Rat attack

As bamboos flower in Arunachal,rodents multiply and destroy cardamom crops

Written by Samudra Gupta Kashyap | Published: October 12, 2012 2:49:52 am

Seven years ago,when the Arunachal Pradesh government introduced cultivation of large cardamom in Lower Subansiri and other adjoining districts as an alternative to jhum or slash-and-burn cultivation,the tribal families found it a new money-spinner. But this year has been suddenly a huge disaster because of the proliferation of rats,which in turn has been triggered by the gregarious flowering of some local varieties of bamboo in the past four or five months.

“A sudden increase in the number of rodents in the past three or four months has devastated the cardamom fields. The crop has been almost completely damaged in villages in two circles,Pistana and Lower Subansiri,” Koj Horming,agriculture development officer of Lower Subansiri district,told The Indian Express over the telephone from Ziro,the district headquarters.

While standing paddy and millet crops have been also damaged by the rodents,the loss has been heaviest in cardamom,this being a cash crop with traders from Assam paying the farmers good prices.

“Traders vie with each other to purchase the raw cardamom from our farmers. The traders make a good profit out of the margin after they process the cardamom. For the farmers,who were never earlier used to selling agricultural products,large cardamom has brought valuable hard cash in the past few years,” Horming said. At least 1,000 tribal families who had taken to large cardamom cultivation in the two revenue circles in Lower Subansiri district have been hit,Horming said.

The area under large cardamom cultivation in Arunachal Pradesh has shot up from about 2,700 hectares in 2005-06 to more than 12,000 hectares in 2010-11. Productivity too has increased,from 655 quintals per hectare to 891 in the past five or six years.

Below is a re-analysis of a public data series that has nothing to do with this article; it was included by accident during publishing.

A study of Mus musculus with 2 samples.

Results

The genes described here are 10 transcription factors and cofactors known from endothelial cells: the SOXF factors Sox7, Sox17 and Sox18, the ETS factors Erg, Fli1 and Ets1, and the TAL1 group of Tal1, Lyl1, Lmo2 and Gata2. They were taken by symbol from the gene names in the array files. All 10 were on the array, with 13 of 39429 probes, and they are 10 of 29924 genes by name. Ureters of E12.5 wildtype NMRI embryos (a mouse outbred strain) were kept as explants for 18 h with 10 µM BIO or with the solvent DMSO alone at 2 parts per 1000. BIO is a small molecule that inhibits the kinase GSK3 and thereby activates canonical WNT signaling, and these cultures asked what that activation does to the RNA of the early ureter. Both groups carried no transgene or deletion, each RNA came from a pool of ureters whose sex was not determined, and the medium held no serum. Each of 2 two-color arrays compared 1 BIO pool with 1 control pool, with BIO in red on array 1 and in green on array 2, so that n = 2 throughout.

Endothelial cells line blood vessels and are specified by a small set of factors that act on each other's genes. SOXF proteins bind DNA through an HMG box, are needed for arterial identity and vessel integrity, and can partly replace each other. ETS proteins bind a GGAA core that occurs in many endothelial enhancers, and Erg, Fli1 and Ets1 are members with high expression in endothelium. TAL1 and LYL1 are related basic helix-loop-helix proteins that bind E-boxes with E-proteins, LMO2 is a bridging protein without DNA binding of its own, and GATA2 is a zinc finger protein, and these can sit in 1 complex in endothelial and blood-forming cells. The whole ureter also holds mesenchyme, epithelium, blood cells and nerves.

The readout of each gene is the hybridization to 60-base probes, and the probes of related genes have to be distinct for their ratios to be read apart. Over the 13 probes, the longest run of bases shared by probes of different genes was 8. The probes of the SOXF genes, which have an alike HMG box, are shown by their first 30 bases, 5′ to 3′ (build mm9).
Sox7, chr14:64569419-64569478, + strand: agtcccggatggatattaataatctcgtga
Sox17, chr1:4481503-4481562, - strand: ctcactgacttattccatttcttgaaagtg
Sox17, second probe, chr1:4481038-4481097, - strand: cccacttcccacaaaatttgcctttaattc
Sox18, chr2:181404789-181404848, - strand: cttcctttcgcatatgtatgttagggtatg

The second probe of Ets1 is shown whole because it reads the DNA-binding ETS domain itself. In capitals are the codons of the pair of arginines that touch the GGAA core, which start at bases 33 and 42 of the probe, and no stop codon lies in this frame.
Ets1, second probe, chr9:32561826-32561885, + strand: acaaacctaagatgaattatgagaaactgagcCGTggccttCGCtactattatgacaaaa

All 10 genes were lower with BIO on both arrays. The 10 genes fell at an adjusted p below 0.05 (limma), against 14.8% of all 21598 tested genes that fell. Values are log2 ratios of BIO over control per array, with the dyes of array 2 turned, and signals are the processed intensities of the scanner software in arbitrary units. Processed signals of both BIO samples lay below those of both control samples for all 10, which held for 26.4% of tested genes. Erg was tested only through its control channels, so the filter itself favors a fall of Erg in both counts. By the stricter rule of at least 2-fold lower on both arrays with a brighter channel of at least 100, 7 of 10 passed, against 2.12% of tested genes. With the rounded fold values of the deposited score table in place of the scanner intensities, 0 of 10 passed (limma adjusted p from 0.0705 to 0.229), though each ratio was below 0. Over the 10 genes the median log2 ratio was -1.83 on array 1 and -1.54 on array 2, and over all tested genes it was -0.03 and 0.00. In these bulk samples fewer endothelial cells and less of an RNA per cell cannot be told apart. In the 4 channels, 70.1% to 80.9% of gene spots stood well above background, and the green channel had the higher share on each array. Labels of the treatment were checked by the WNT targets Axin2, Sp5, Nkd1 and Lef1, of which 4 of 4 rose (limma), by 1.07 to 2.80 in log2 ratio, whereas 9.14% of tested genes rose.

“We have made an assessment of the loss due to the rodent attack and sent a report to the state government suggesting certain measures including providing cash relief to the affected farmers. The agriculture and forest departments on the other hand are looking into ways to tackle the increase in rodents,” said Lower Subansiri deputy commissioner Taru Talo. The district authorities have estimated a total loss of about Rs 10 crore in the two circles alone.

In Itanagar,the state capital,the government is expected to come out with a relief-cum-compensation package for the affected farmers. The government had introduced various cash crops including large cardamom and other spices with the twin intention of weaning away the tribal families from the jhum or slash-and-burn practice,and enhancing the income of farm families in the far-flung villages across the Eastern Himalayan ranges.

Mizoram is one state that has a history of bamboo flowering which in turn triggers an increased fertility in rodents. The increased rodent population attacks standing crops in a big way,leading even to widespread famine in the hill state. In fact,Mizoram is visited by ‘mautam’ — famine triggered by gregarious flowering of bamboo — once every 48 years. With several species of bamboo growing wild across the Northeast,such instances of bamboo-flowering and increase in rodent population also occur on the other states of the region.

Giving an indication of how much the Lower Subansiri farmers stand to lose,senior agriculture development officer Neelam Rika said raw large cardamom was last year fetching the farmers anywhere between Rs 150 and Rs 180 per kilogram. Those who have acquired the skills of drying and processing the cardamom get between Rs 250 and Rs 300 per kg,he said. While Lower Subansiri has been the worst-affected district,reports of crop damage has also come from the adjoining districts of Papum Pare,Kurung Kumey and Upper Subansiri.